North Tahoe Marina scales back its plan for expansion |

North Tahoe Marina scales back its plan for expansion

Kara Fox
Jason Kelley / North Lake Tahoe Bonanza / The North Tahoe Marina plans on expanding its facilities by roughly 180 boat slips.

TRUCKEE – Owners of the North Tahoe Marina in Tahoe Vista have reduced their proposed expansion plan after neighbors and public agencies voiced concerns.

In addition to a reduction in the number of boat slips proposed, a kayak access lane in front of the marina is planned.

“My two big issues are my existing shallow harbor and prevailing winds. It is an environmental hazard and it is unsafe for my employees and customers,” said Jim Walsh, owner of North Tahoe Marina, on why he wants to expand his marina. “It is necessary to reconfigure the existing moorage and provide increased public access for a safer, more beautiful and environmentally-friendly marina.”

Walsh is currently creating a master plan for the marina, which is required for expansion under the Tahoe Regional Planning Agency’s rules.

TRPA required that a steering committee be established, which includes local, county and state agency representatives and adjacent property owners. The goal of the steering committee is to identify environmental, community and regulatory parameters to assist in developing master plan alternatives.

A separate analysis will be completed by an independent third party environmental consultant that will evaluate impacts associated with the various options.

The steering committee began meeting last fall when 234 boat slips were presented, but Walsh is set to pro pose an alternative of 183 slips at Thursday’s meeting. The marina is permitted for 141 boat permits, but there are currently only 30 slip permits at the marina, according to Kelly Simpson, a consultant on the project with South Shore-based Design Workshop, Inc.

“Throughout the steering committee process we have documented issues and concerns raised during meetings and addressed these in revised marina design alternatives,” said Steve Noll of Design Workshop. “The proposed improvements to the marina will enhance the marina operations and recreation opportunities on the North Shore of Lake Tahoe.”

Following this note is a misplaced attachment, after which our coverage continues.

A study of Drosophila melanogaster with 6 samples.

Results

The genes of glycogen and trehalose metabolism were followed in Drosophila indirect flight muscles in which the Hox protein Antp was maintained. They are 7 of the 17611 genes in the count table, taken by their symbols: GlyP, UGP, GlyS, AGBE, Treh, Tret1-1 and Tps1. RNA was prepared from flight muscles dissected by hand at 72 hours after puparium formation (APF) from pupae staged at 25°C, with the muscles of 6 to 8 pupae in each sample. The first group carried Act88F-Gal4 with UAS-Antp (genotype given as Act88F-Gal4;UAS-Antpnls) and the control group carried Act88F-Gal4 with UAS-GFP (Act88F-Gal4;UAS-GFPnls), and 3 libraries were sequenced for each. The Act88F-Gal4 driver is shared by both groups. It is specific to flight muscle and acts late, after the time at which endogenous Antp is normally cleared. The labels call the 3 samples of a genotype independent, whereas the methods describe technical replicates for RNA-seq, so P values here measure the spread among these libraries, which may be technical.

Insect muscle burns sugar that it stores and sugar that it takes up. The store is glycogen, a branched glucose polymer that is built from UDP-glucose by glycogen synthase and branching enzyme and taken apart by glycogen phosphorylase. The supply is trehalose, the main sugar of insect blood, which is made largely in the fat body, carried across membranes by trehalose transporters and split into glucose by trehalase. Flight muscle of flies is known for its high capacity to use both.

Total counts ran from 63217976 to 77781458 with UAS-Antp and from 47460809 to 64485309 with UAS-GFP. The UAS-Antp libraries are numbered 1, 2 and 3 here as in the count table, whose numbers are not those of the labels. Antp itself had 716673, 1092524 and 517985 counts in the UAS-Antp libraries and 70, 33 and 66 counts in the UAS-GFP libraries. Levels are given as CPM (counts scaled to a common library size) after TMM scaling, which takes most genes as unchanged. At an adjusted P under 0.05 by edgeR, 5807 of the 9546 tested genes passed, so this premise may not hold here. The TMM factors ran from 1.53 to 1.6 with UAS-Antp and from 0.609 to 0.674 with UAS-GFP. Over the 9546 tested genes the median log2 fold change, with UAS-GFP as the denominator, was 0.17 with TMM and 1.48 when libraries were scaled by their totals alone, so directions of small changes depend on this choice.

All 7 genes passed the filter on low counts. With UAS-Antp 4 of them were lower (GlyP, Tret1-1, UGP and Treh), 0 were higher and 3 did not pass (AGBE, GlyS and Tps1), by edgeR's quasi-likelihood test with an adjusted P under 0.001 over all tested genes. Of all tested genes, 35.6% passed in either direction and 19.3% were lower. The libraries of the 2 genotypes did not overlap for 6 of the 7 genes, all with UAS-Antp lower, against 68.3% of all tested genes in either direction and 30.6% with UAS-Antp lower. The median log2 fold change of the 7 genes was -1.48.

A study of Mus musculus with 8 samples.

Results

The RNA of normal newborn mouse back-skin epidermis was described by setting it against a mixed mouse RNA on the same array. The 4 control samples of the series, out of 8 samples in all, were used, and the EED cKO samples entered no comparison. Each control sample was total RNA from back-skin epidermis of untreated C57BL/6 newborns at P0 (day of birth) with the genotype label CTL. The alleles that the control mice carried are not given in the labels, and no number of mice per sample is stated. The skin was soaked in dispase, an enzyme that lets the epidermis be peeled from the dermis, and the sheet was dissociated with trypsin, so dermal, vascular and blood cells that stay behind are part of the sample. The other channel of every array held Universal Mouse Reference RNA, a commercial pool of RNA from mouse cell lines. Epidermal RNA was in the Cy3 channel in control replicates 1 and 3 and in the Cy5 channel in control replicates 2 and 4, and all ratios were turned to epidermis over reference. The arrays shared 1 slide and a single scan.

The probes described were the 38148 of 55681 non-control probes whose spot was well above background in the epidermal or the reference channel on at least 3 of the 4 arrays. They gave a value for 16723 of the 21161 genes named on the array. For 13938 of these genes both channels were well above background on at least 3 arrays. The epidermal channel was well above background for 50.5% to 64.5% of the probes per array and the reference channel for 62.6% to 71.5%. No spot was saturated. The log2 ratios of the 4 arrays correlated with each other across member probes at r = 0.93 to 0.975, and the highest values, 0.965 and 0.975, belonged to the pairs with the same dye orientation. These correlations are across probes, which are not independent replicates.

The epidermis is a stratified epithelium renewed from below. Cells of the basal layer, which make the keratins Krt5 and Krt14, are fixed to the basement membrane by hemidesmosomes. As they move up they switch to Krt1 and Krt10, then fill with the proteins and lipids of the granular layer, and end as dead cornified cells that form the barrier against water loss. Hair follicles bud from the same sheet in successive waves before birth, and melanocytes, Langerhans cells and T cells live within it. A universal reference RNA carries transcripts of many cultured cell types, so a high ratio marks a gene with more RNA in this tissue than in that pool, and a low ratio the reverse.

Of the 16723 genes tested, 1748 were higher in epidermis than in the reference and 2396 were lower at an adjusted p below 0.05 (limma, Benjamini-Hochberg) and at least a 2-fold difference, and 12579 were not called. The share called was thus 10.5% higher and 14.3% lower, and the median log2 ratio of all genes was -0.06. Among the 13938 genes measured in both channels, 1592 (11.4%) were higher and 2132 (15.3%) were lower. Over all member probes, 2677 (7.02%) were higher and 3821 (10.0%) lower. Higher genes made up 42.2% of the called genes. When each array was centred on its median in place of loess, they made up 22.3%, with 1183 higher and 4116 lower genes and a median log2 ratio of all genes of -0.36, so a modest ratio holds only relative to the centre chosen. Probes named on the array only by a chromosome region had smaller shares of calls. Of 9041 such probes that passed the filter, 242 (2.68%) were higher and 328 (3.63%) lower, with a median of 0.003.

Simpson pointed out that the current alternative is 51 less slips than originally proposed and the overall footprint size has decreased 22 percent. A kayak lane was also added after concerns raised from the public.

Walsh and Simpson stressed that the project is still in the “very, very preliminary” stages and that the master plan is the first step. An environmental impact study has to be completed before the project can be presented to TRPA, at which time it will be determined if the project is feasible.

“We’re really interested in working together on a solution that works,” Simpson said. “They want to make an environmentally-friendly marina. The Walshes are committed to doing the right thing.”

Alvina Patterson, owner of the Holiday House in Tahoe Vista, has publicly expressed concerns over the project, including the scenic impact and the size of the plan. The League To Save Lake Tahoe’s program director, John Friedrich, called the expansion a “preposterous project proposal” and said it is out-of-scale for the lake.

“It would privatize and wall-off a quarter of a million-square-feet of Lake Tahoe. It would add another concentrated area of pollution on Lake Tahoe. Most of the marinas on Lake Tahoe are pollution hot spots,” Friedrich said. “It should not even be seriously considered until a shorezone policy is adopted [by TRPA]. Whether or not any slips should be added at that location should be considered as part of the shorezone plan.”

Jeff Rose, owner of both Tahoe Vistana and Tahoe Sands in Tahoe Vista, has a different take on the proposal.

“I think it should happen,” Rose said. “I think it’s going to help build infrastructure on North Tahoe. Tahoe Vista is slated as the recreation place on the North Shore and it is in our community plan. It will help lodging, restaurants and the community. I think we need that marina expansion.”

But whatever the view of the plan is, Walsh noted that he just wants the community to attend Thursday’s meeting to hear about the project. Results of the meeting were unavailable by press time.

“Come in open-minded because there are a lot of environmental benefits to the lake in this project,” Walsh said. “It is very early in the process and this will be looked at in the EIR/EIS process. We believe this will be a good thing for the lake and we just want it to be studied.”